Article Text

Download PDFPDF
Does prospective monitoring improve cataract surgery outcomes in Africa?
  1. D Yorston1,
  2. S Gichuhi2,
  3. M Wood3,
  4. A Foster4
  1. 1Department of Epidemiology and International Eye Health, Institute of Ophthalmology, Bath Street, London EC1V 9EL, UK
  2. 2Kikuyu Eye Unit, Kikuyu, Kenya
  3. 3CCBRT Eye Hospital, Dar-es-Salaam, Tanzania
  4. 4London School of Hygiene and Tropical Medicine, Keppel Street, London WC1E7HT, UK
  1. Correspondence to: Dr David Yorston, Department of Epidemiology and International Eye Health, Institute of Ophthalmology, Bath Street, London EC1V 9EL, UK; dhyorston{at}


Aims: To determine if prospective monitoring influences cataract surgical outcomes in east Africa.

Methods: A prospective observational study of all routine extracapsular cataract extractions with posterior chamber lens implants carried out at Kikuyu Eye Unit, Kenya, between 1 January 1999 and 31 December 1999.

Results: Out of 1845 eligible eyes 1800 were included in the study. Two months' follow up was available in 67.2% of patients. The proportion achieving a good outcome increased steadily from 77.1% in the first quarter to 89.4% in the fourth quarter (χ2 for trend, p<0.001). There was no change in the incidence of operative complications; however, the proportion of patients achieving a good visual outcome following vitreous loss increased from 47.2% in the first 6 months to 71.0% in the last 6 months (χ2 p<0.05). Of the eyes with poor outcome (best corrected acuity <6/60 at 2 months) half were due to pre-existing eye diseases. The proportion of patients with known ocular comorbidity decreased from 10.2% in the first quarter to 5.9% in the fourth quarter (χ2 for trend, p<0.05). Poor outcome was associated with age over 80 years, known diabetes, preoperative bilateral blindness, any ocular comorbidity, and intraoperative vitreous loss.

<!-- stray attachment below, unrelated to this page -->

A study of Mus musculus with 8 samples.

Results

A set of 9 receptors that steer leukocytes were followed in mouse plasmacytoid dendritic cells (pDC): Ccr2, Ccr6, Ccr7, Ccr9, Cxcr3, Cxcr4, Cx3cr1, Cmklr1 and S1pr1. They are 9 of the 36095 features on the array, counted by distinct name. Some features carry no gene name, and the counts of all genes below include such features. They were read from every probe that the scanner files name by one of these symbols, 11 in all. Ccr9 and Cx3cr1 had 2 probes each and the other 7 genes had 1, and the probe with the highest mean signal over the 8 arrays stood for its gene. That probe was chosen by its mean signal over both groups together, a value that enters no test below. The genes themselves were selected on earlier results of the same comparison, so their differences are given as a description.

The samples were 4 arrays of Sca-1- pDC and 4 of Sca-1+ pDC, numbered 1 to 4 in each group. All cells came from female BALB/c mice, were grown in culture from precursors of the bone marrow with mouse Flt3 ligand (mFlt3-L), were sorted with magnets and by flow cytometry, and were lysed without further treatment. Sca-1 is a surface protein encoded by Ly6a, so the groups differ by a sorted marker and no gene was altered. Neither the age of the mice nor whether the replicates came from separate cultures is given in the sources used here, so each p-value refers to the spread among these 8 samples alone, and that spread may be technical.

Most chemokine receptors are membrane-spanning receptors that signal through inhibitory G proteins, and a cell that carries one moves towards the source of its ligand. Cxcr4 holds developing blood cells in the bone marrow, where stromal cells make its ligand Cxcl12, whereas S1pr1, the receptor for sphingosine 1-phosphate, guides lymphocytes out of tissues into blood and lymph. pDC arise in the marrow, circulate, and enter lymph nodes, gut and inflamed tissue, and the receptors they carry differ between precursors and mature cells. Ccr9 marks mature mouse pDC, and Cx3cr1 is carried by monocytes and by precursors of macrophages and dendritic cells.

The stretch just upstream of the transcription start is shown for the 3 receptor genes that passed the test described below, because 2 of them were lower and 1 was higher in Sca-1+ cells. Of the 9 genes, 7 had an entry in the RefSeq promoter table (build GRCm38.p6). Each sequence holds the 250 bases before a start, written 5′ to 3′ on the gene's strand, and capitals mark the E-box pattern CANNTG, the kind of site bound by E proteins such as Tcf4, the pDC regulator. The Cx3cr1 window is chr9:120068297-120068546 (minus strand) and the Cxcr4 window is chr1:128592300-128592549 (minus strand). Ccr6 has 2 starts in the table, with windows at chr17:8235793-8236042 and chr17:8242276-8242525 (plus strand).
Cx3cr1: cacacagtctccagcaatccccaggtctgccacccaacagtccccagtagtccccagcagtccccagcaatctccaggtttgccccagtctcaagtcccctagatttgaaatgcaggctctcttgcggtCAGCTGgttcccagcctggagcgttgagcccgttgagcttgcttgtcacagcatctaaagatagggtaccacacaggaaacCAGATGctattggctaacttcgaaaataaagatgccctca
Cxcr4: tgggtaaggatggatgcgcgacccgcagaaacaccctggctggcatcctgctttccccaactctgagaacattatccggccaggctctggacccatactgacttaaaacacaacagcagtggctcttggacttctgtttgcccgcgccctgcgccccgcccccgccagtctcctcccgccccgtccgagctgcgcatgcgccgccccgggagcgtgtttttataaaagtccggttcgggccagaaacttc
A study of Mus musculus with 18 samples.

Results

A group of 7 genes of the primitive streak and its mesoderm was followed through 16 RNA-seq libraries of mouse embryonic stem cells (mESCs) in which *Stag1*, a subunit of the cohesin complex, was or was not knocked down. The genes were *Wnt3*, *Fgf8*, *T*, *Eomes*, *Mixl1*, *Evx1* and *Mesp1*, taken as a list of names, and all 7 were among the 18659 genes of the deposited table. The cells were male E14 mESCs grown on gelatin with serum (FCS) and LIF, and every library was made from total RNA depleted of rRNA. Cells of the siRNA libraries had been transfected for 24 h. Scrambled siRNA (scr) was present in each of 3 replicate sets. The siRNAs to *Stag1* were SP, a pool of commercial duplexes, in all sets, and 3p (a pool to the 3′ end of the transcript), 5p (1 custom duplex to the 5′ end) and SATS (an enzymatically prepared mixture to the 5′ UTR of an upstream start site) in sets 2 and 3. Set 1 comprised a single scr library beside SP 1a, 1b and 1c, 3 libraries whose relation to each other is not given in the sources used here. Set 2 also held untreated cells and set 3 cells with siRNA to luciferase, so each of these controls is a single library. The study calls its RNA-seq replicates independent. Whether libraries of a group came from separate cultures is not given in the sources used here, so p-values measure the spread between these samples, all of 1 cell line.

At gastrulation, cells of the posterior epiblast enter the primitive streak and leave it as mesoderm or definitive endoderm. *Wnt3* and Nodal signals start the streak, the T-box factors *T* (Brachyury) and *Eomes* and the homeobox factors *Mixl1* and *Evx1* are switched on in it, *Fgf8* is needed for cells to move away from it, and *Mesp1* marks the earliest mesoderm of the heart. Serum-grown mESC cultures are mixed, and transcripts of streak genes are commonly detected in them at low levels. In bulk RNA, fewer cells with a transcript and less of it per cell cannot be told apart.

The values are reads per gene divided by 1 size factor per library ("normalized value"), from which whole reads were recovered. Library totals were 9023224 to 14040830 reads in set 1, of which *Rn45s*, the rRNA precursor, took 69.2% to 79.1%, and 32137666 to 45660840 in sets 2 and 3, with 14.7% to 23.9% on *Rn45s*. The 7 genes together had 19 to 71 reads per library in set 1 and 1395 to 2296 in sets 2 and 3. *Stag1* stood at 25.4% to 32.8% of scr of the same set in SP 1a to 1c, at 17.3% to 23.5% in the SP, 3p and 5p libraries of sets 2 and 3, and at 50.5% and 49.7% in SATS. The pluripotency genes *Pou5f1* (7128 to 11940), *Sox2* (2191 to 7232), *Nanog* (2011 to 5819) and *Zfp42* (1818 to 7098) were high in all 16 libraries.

Conclusions: This study demonstrates improvement in visual outcome results after cataract surgery over a 1 year period. Monitoring of outcomes appears to be associated with a change in surgeons' attitudes, leading to greater emphasis on appropriate case selection, better management of surgical complications, and improved visual outcomes.

  • cataract surgery
  • Africa
  • monitoring

Statistics from

Request Permissions

If you wish to reuse any or all of this article please use the link below which will take you to the Copyright Clearance Center’s RightsLink service. You will be able to get a quick price and instant permission to reuse the content in many different ways.